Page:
By Ryan Yousefi
By Chuck Strouse
By Terrence McCoy
By Terrence McCoy
By Terrence McCoy
By Michael E. Miller
By Kyle Munzenrieder
By Michael E. Miller
On the morning of January 6, on the ninth floor of the James Lawrence King Federal Courthouse, the man for whom the building was named, Senior U.S. District Court Judge James Lawrence King, presided over what will long be remembered as one of the more bizarre moments in South Florida's legal history. The occasion was the criminal trial of Miguel Moya, the erstwhile foreman of a jury that three years earlier had acquitted a pair of infamous cocaine smugglers, and who now stood accused of taking a bribe in that case. Joining Moya in the dock were his parents, Jose and Rafaela, charged with helping their son launder the alleged payoff.
Their defense would be as novel as any seen in a federal courtroom in the Southern District of Florida, a uniquely Miami-style strategy that poked a hole in a case many prosecutors thought was puncture-proof. But that would come later in the day.
At 10:00 a.m. Judge King summoned the jury and instructed prosecutors to proceed with their opening statement. "In October of 1995 there commenced a trial in the United States District Court here in the Southern District of Florida," Assistant U.S. Attorney Edward Nucci began. "It was a trial of the United States versus Augusto Guillermo Falcon, Willy, and Salvador 'Sal' Magluta. It commenced before the Honorable Federico Moreno in this very courthouse. Those defendants, Falcon and Magluta, were charged with running a continuing criminal enterprise in the narcotics business. The allegations were that they ran this enterprise from 1978 all the way through 1991. That they were drug kingpins, in other words. The allegations were that they made in excess of two billion dollars running that drug enterprise.
"And in that trial a jury was impaneled, much like you today. They were sworn to try the case well and fairly, as you have been. But the government will prove to you ... that there was a traitor to the due administration of justice on the jury in the Falcon and Magluta case.
"There was someone who was bought and paid for by the Falcon and Magluta organization who was not going to try that case fairly and impartially, who had received money in exchange for sitting as a juror. And the government will prove that that individual is the defendant, Miguel Moya."
As Nucci uttered these last words, he turned to Moya. Pointing at the defendant, the prosecutor paused long enough for jurors to take full measure of the man on trial. Their eyes followed Nucci's outstretched index finger until they fell upon the 36-year-old Moya. It was easy to be unimpressed. Short, balding, and overweight, Moya's body seemed constantly at odds with the business suit he wore every day to court. The only thing Moya seemed to wear naturally was a look of contempt.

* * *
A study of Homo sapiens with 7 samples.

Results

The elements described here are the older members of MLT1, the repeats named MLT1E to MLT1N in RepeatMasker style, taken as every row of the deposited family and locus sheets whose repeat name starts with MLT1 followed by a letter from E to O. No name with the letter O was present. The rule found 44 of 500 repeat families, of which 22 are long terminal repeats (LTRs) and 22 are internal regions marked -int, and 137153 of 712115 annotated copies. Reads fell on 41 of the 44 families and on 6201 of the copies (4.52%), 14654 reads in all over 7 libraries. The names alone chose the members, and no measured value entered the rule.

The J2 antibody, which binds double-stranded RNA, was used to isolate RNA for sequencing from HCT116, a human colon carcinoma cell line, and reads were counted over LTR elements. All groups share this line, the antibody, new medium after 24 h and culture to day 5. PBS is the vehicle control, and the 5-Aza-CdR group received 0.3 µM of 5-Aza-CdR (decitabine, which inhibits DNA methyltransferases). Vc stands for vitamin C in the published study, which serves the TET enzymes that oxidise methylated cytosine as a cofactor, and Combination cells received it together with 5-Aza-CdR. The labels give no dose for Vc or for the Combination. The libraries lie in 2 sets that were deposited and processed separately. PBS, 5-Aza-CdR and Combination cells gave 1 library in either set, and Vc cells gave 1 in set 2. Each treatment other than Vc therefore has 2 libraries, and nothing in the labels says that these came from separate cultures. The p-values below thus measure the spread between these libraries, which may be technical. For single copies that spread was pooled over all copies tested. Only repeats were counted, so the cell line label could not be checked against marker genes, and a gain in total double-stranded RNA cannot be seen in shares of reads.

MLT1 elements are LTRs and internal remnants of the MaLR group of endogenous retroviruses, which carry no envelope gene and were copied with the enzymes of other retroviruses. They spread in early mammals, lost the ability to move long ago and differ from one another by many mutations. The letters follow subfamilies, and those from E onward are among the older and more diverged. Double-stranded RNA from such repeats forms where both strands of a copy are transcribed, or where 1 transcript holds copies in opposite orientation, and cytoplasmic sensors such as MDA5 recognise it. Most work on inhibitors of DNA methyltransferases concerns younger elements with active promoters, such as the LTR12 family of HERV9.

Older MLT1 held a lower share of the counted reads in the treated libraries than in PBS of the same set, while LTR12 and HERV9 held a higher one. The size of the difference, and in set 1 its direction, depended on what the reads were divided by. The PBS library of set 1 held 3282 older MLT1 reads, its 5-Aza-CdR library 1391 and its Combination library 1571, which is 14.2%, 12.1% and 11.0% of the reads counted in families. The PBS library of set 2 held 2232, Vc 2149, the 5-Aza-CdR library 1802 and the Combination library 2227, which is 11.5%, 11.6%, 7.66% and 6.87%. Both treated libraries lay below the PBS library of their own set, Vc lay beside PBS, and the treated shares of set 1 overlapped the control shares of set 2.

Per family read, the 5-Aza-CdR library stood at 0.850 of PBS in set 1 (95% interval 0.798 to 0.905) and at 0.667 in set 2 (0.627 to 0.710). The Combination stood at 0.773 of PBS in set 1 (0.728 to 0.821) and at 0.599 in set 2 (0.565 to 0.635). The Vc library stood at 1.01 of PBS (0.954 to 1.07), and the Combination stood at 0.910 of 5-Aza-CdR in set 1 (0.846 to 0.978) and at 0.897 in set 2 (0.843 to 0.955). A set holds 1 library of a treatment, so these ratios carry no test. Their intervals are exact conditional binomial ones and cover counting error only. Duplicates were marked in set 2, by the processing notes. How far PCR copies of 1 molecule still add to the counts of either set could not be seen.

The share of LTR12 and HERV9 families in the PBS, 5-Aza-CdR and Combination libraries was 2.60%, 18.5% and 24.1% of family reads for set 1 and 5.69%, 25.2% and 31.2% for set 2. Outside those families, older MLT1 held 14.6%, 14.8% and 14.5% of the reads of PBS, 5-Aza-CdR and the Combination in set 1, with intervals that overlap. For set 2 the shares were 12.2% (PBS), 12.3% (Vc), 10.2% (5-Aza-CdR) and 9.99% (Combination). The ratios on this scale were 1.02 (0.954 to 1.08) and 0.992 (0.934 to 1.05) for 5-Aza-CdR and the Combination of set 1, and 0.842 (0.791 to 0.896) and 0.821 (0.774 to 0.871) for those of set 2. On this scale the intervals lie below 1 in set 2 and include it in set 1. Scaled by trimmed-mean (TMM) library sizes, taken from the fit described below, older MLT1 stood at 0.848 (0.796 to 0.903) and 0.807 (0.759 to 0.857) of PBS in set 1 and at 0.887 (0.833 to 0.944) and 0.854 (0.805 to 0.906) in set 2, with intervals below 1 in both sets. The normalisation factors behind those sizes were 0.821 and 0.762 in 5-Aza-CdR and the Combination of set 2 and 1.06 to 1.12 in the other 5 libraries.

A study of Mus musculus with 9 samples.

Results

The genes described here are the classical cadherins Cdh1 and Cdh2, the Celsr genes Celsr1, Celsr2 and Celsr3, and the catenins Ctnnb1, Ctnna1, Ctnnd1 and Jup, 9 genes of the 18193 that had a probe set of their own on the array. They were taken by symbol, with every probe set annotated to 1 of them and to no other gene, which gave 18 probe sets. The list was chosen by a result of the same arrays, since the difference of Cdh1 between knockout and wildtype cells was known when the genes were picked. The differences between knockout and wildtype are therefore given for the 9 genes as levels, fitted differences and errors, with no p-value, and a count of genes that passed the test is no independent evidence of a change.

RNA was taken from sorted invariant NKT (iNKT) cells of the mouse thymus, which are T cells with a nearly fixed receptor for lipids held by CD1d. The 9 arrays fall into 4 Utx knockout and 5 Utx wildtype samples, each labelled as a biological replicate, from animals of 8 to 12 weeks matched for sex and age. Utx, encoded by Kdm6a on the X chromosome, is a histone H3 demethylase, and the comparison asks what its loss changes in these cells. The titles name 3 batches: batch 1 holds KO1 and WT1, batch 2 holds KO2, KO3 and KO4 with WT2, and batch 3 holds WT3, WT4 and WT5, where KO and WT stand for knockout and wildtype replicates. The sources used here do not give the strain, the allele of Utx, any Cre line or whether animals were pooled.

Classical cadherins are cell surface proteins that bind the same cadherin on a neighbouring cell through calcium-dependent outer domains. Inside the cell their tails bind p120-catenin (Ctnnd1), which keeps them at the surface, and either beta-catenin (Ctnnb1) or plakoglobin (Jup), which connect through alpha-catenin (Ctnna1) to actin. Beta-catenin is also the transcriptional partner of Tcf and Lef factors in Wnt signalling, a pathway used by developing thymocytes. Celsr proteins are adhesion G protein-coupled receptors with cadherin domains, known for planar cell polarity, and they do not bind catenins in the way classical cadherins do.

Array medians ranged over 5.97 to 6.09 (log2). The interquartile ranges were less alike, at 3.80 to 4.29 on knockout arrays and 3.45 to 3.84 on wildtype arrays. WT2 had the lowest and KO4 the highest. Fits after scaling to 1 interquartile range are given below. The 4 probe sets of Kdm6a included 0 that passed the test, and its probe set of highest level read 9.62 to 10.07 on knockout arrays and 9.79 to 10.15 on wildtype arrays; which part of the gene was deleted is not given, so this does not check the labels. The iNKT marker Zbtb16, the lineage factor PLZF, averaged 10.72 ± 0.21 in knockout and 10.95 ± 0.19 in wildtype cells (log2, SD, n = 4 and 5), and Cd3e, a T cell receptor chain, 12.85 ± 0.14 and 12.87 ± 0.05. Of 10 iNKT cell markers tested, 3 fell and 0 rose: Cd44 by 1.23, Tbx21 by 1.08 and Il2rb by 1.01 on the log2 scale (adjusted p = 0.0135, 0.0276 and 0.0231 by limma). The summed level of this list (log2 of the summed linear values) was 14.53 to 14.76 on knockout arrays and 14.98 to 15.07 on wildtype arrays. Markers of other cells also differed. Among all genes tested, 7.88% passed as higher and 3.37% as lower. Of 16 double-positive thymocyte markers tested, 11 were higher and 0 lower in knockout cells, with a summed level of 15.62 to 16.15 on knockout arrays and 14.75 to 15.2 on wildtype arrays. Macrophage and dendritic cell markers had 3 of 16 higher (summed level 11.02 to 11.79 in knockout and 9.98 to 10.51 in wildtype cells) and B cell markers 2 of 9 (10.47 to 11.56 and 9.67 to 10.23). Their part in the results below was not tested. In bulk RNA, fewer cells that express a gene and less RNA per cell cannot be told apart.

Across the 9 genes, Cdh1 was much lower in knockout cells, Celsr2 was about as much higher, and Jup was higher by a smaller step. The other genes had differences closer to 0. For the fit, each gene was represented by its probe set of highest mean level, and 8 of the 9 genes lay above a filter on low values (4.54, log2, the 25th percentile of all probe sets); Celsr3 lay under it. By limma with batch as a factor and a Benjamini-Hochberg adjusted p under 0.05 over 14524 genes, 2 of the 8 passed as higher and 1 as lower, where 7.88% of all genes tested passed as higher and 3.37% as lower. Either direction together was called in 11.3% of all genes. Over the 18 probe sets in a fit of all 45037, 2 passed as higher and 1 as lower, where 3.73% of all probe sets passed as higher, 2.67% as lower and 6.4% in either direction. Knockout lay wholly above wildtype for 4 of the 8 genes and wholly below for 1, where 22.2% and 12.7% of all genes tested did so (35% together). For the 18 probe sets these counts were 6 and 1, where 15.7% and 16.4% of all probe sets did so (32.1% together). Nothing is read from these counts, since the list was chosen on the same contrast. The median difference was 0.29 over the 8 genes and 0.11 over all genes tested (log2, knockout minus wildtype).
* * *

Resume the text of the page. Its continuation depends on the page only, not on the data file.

Nucci continued with his presentation, outlining the government's case, both its strengths and its weaknesses. On the negative side, Nucci conceded, prosecutors would be unable to tell jurors specific details of how the bribe was paid or even the precise amount. "The government," he said candidly, "does not have evidence of someone from the Falcon-Magluta organization coming in here, getting up on the stand and saying, 'I'm the guy that was the middleman. I paid Miguel Moya a bribe of several hundred thousand dollars.'"
Instead the government would rely on two critical pieces of evidence. First prosecutors would delve into the finances of the Moya family. Before the Falcon-Magluta trial, Nucci maintained, the Moyas struggled to pay their bills and maintain a modest, middle-class lifestyle. After the trial, however, their financial concerns seemed to vanish. In late 1996 Miguel Moya and his parents bought a $198,000 house in the Florida Keys and paid off the fifteen-year mortgage in less than three months. The family purchased a speedboat for $31,000 in cash. They spent thousands more on furniture, jewelry, and new cars. All that money had to come from somewhere, and the only logical source, Nucci argued, was the Falcon-Magluta organization.
The second crucial element of the government's case was a fifteen-minute videotape in which an undercover FBI agent, posing as a member of the Falcon-Magluta organization, confronts Moya and tricks him into making statements that, in the prosecutors' view, were tantamount to a confession. "He [Moya] will be a witness against himself," Nucci promised in conclusion.
King then ordered a brief recess to allow defense attorneys to set up exhibits for their opening statement. In the interim the gallery buzzed over Nucci's strong performance, which lasted nearly an hour. It was a sympathetic crowd. More than two dozen federal agents, prosecutors, and other employees from the U.S. Attorney's Office (which occupies the seventh and eighth floors of the court building) had packed the courtroom in a show of support for a case U.S. Attorney Tom Scott declared was one of the most important prosecutions of his tenure.
Winning a conviction against Miguel Moya would permit some members of Scott's office to rewrite the history of their failures in the 1996 trial of Willy Falcon and Sal Magluta. And as New Times reported this past week, a conviction could also help buttress a new racketeering indictment prosecutors are preparing against Falcon and Magluta.